Worcestershire Record No. 19 November 2005 p. 4


Mike Averill

This summer was generally warm and dry and gave good opportunities for observing insects. The months from April to September all had below average rainfall with long periods of sunny weather. Dragonflies particularly are seen to be more active in such conditions. The first herald of dragonfly activity was very early with the first sightings of Large Red Damselfly Pyrrhosoma nymphula on the 14th of April.

Concerns about low numbers of emerging Club-tailed Dragonfly Gomphus vulgatissimus at Bewdley on the River Severn over the last four years, led to simultaneous surveys on the Severn, Wye and Avon to see if anything unusual was happening on the Severn. The results were very close showing that although the Bewdley numbers were similar to the Wye, they were somewhat lower than the Avon. There is still the question as to why the Bewdley emergences are only a quarter of what they used to be in previous years. The Bewdley survey will continue next year to monitor the situation. The full results of these surveys are planned to be published in a later issue of Darter.

A long sunny summer nowadays means that there is always the prospect of immigrant dragonflies, usually darters, however this was not the case in Worcestershire on 2005 where no Red-veined Darters Sympetrum fonscolombii were reported. After the arrival in neighbouring counties of the Small Red-eyed Damselfly Erythromma viridulum, searches were made but none were found in Worcestershire. It is just a matter of time and once again it will be worth looking next year at lakes with associated Water Milfoil, Hornwort and other similar water weeds.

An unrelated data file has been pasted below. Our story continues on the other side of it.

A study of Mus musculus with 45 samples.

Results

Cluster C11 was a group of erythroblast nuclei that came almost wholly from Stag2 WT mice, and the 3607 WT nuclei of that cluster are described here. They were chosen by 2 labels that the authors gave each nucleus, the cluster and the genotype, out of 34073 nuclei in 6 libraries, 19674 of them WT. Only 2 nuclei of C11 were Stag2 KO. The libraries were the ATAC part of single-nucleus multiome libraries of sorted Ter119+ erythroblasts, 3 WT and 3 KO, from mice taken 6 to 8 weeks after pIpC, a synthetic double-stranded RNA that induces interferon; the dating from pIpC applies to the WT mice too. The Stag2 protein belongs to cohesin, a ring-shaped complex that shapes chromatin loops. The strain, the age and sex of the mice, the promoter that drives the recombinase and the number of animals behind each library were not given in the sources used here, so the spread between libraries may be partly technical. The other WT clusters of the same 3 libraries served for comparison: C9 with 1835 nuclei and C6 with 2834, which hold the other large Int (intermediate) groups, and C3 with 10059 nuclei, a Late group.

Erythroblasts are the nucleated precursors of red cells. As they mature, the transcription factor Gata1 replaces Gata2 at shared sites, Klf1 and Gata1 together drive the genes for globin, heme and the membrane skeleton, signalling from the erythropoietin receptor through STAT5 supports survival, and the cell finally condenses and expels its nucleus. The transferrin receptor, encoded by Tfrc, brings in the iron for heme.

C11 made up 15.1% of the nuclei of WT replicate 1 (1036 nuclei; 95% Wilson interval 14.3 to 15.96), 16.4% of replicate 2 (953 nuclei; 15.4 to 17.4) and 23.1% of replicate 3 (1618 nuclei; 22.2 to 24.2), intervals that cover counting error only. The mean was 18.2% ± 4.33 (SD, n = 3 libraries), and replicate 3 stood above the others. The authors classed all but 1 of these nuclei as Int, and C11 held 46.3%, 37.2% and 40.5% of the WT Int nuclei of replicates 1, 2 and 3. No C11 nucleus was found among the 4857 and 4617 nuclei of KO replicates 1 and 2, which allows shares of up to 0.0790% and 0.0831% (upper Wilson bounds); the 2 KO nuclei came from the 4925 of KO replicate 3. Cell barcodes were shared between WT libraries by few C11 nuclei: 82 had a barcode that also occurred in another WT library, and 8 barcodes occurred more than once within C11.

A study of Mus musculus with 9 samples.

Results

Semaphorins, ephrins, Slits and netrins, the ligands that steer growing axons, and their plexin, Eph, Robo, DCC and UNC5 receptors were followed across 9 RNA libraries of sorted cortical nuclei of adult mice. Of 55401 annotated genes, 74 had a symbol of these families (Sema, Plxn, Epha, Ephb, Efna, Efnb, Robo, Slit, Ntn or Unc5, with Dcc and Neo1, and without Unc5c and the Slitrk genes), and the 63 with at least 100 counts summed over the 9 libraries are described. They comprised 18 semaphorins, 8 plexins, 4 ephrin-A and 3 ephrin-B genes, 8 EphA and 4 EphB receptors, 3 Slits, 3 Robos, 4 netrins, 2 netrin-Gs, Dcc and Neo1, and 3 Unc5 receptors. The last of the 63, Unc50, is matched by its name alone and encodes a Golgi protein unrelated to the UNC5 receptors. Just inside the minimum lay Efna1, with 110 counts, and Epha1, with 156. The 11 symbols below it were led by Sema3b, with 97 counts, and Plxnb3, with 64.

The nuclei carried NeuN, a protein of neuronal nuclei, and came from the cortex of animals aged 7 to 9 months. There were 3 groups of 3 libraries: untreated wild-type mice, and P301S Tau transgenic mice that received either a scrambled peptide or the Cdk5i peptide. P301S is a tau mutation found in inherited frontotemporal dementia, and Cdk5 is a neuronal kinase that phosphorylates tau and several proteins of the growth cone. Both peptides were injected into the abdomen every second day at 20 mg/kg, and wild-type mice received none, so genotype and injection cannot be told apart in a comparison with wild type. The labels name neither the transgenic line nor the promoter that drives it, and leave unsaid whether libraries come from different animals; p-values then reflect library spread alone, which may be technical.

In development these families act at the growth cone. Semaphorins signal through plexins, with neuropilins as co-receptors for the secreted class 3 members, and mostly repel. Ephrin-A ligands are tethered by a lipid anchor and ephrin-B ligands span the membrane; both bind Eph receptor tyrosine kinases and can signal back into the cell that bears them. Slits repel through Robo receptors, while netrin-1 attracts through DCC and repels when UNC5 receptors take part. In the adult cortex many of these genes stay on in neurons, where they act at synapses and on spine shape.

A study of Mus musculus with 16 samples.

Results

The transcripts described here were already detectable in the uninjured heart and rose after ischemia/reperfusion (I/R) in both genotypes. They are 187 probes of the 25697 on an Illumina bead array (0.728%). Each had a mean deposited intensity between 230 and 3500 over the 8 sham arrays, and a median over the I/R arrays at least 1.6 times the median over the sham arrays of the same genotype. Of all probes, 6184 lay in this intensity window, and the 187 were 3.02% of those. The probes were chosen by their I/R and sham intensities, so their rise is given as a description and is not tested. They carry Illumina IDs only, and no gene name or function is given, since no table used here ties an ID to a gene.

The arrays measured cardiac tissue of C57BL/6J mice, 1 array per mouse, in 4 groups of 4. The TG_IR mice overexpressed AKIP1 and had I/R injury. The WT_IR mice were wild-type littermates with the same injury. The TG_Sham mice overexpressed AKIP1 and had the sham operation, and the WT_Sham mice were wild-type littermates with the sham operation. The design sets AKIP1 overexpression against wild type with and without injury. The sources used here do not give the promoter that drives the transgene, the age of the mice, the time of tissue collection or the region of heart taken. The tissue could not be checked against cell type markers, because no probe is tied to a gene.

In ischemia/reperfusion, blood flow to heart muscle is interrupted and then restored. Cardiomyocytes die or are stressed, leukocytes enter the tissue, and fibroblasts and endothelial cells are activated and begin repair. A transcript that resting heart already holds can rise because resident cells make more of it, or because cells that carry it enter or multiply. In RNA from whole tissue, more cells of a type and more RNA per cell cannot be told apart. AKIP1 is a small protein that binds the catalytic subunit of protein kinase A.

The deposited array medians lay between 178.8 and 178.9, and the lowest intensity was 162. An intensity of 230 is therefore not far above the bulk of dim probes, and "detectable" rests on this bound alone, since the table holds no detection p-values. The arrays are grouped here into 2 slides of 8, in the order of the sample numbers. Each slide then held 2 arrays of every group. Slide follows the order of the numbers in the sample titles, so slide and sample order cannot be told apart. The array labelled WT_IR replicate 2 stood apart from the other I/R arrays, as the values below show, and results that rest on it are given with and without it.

One vagrant that was seen again and only for the second time in the county, was the Lesser Emperor Anax parthenope. This insect was briefly seen at Pirton on the 23rd of June and it was part of an influx spreading from South Wales, to Devon, Buckinghamshire and later even to Yorkshire and Gloucestershire. These large insects may only be briefly seen at sites as they move around the country and so it is always worth taking a second look at any emperors that are seen. The key points to notice as the male insect flies away from the observer is the block of blue on the upper abdomen, which stands out against the remainder of the abdomen which appears dark off-brown coloured. The eyes appear green and the wings may be suffused with a brownish tinge.

The Common Hawker Aeshna juncea is, despite its name, not that common in Worcestershire, but an ovipositing female was seen at Bishop’s Wood Educational Centre on the 2nd September.

Last year there was much excitement about the sudden explosion of records of the Scarce Chaser Libellula fulva on the River Avon. This year it was with interest that those sites were revisited, but the general impression was that although they were seen in all the same locations again, they were less numerous and there was no range expansion. It remains to be seen if this new colony is to be short lived or not.

The mild weather lasted well in to the autumn and Common Darters Sympetrum striolatum were seen up to mid November when the first cold snap of the year began to bite.